Residents on Bohn Court got an unwelcome surprise last month when a letter arrived in the mail about the plan to build 31 townhomes on the historic farm at the center of their neighborhood.
“I did not buy a house to actually live in a townhouse development,” said Robert Whitehead at a neighborhood meeting on May 29. He and other residents voiced concerns about traffic safety, the quality of the development and the number of proposed units.
Jerremy Foss, a senior civil engineer with ISG and consultant for landowner Bobby Williams, said the plan is to build market-rate townhomes costing around $300,000-$350,000.
ISG submitted an application for a comprehensive plan amendment to change the future guided land use of the farm but asked the request be tabled following the neighborhood meeting. Foss said they’ve been working on concept plans since January, and they are currently reevaluating their proposal in hopes of alleviating some of the concerns.
The request is tentatively scheduled to go before the Savage Planning Commission on July 18.
The 5.8-acre farm at 4562 McColl Drive sold to Williams, the co-founder of Bobby & Steve’s Auto World, for $600,000 in 2017. Current tenants care for bunnies and goats on the property.
Savage Mayor Janet Williams grew up on the dairy farm and today lives next door on Bohn Court.
Whitehead moved to his home at the end of the Bohn Court cul-de-sac two years ago. He said he planned on staying forever, and even though he invested thousands into home improvements, he’ll move if the townhomes are built.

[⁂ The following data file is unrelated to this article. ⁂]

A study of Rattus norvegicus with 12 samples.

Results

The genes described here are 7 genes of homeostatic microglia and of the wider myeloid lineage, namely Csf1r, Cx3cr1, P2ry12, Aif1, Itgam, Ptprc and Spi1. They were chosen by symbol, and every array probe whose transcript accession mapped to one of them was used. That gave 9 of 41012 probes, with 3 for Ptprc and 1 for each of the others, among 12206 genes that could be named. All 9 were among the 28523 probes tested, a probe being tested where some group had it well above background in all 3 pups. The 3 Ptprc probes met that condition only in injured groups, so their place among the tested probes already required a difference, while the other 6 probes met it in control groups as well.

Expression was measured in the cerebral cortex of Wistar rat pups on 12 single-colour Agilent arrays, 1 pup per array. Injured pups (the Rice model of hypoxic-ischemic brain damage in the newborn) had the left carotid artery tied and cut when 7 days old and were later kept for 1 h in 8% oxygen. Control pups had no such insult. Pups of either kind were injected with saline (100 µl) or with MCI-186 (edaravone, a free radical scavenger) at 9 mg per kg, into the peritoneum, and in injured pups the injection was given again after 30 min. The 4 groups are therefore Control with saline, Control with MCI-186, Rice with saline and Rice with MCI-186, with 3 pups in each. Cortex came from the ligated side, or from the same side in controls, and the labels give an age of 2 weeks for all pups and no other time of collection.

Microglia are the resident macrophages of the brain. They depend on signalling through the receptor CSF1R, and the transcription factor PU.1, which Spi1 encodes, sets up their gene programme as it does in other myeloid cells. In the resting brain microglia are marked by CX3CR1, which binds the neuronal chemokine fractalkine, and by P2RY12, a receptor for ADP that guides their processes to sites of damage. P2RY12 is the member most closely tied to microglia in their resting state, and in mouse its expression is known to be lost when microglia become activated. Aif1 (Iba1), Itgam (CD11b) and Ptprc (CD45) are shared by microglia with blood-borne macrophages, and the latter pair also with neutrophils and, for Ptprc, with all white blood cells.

He said he knew the property would one day be developed, but it was zoned for low-density residential when he bought his home.
“My heart just dropped,” he said about when he learned about the possibility that will change.
The proposal will require both a city comprehensive plan amendment and rezoning from low-density to medium-density.
This isn’t the first time residents have rejected a proposal for the farm’s future.
In 2017, developers with the Five Stars Recovery Center sought a comprehensive plan amendment to build a campus-style treatment facility that could house up to 120 adult clients. However, they withdrew their application following a neighborhood meeting, which Savage Planning Manager Brian Tucker described at the time as “pretty hostile.”
He said residents raised concerns about traffic, safety and land-use compatibility, and the developers didn’t want to put the facility in a place where it was unwanted despite city staff members’ openness to the idea.
History of the farm
Kris Kristensen and Einar Hansen rented the Tim O’Reagan farm, just south of what is now Burnsville High School, in the mid-1920s, according to archives compiled by the Savage Library. They operated a dairy farm with a milk route in South Minneapolis and had two delivery trucks, one of which was driven by Williams’ father, Jens Bohn Sr.
In 1938, Kristensen began farming on the corner of Nicollete Avenue and Highway 13. In 1941, he purchased a farm in Savage and moved Lynnhurst Dairy there the following year.
Bohn continued delivering milk on the South Minneapolis route until 1953, when raw milk could no longer be delivered in Minnesota.
In 1959, a large fire broke out at Lynnhurst Dairy. Firefighters kept the blaze from spreading to a 128-by-36 foot barn, according to news reports at the time. A smaller utility barn, five calves, feed and machinery were lost in the fire.
The Bohns continued operating Lynnhurst Dairy until 1968, when the cows were sold at auction.